Jill Bolte Taylor

A brain scientist who learned spirituality and survival from her stroke now helps other stroke victims recover.

BY: Kimberly Winston

 

Most Inspiring person of the year

One December 12 years ago, Jill Bolte Taylor, a neuroanatomist--a doctor who studies the structure of the human brain--awoke to discover she had suffered a hemorrhage in the left half of her brain. Her first thought was, "Oh, my God, I am having a stroke." Her second was, "This is so cool."

Taylor, then only 37, found herself in the unique position of experiencing her stroke both as a patient and as a scientist. In its aftermath, while unable to speak, walk, or recognize her mother, she could not escape an overriding sense of profound peace and a sense that every atom in her body was connected to all other atoms in the universe.

"As the hemorrhaging blood interrupted the normal functioning of my left mind, my perception was released from its attachment to categorization and detail," she writes in My Stroke of Insight: A Brain Scientist's Personal Journey, her best-selling book about her experience, which was published this year. "I'm no authority, but I think the Buddhists would say I entered the mode of existence they call Nirvana."

Taylor is nominated as one of Beliefnet's Most Inspiring People of the Year for being able to see her stroke not as a disability but as a gift. It is now her mission to share what her stroke taught her about the body, the mind, and how we may be connected to the divine.

"I was prepared to watch my own brain deteriorate because it was my area of expertise," Taylor told Beliefnet. "I got to watch it through the eyes of a curious scientist instead of a freaking out human being. And I don't think it could have happened to a nicer girl. I feel very fortunate to have had this experience."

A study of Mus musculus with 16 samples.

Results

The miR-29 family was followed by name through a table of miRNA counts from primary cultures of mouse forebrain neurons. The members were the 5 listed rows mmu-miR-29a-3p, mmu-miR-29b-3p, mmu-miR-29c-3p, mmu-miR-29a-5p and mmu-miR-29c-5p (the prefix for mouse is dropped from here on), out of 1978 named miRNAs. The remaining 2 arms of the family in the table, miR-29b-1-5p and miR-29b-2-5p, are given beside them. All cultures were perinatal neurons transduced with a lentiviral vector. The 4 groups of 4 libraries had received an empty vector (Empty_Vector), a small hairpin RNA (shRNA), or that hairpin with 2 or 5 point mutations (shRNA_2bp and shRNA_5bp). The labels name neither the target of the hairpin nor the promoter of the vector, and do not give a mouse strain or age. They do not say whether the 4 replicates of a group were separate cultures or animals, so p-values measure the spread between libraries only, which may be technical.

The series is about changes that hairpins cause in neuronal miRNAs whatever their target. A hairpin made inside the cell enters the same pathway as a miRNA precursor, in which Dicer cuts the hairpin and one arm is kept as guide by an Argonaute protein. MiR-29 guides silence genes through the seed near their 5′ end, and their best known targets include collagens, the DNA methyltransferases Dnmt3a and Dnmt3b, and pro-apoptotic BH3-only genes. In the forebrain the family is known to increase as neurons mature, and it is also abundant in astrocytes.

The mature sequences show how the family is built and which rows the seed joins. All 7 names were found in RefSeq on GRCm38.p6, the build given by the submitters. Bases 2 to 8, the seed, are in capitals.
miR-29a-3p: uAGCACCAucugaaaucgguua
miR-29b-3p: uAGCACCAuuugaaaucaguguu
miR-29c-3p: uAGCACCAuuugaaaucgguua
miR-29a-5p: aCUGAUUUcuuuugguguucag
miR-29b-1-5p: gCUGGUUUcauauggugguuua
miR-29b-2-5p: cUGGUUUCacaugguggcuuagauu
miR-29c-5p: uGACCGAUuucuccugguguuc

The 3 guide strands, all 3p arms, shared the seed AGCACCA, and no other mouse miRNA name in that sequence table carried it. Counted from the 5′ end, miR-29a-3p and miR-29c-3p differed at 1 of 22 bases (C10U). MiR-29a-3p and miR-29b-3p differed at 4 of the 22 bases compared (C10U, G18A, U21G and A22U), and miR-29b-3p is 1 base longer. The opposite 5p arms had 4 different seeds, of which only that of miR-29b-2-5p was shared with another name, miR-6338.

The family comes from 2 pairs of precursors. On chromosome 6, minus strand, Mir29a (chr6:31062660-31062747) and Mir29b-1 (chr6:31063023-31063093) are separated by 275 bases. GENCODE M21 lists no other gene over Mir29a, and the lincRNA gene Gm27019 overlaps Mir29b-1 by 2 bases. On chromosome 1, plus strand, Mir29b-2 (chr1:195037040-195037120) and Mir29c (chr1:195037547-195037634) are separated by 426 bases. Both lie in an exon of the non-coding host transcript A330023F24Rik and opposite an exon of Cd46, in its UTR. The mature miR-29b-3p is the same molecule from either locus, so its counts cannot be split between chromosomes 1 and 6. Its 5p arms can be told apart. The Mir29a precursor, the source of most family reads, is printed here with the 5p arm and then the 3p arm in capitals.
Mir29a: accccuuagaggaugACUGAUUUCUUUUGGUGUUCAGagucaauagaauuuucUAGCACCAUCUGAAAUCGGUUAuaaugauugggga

Recovering from her stroke was a long, multi-year process. But again, Taylor turned her scientist's mind to the task as she worked to selectively refocus her brain away from the more judgmental and analytical left side in favor of the more creative, spiritually focused right side. It is a process, she says, that anyone can use to bring themselves into a more balanced, unified, and nurturing relationship with the rest of the world and what she refers to as "the Great Spirit."

"I want people to realize we are hardwired for being at one with all that is, for being at that level of connectedness," Taylor said. "And I thought that, by connecting this experience with brain science, I would open up a whole new possibility for people who are uncomfortable with faith to see themselves in terms of this, quote, spirituality."

She now travels the world, giving talks on her stroke and how she came back a stronger, more spiritual person. One of these talks, at the Technology, Entertainment, Design (TED) conference, was posted online and turned viral. Taylor soon found herself flooded with calls, emails, and letters from stroke victims, caregivers, and others who found her words an inspiration. She now travels and talks around the world.

"This is the gift--the fact that a neuroanatomist had a stroke, was privileged to recover, and can say this is the wisdom that I have brought back," she said.

When home in Indiana, Taylor works on the "Visually Directed Intention Project,” a medical device that will combine virtual reality with gaming and modern technology to help people recover from neurological trauma.

"This project is the way I give back to the people who are experiencing what I experienced," she said.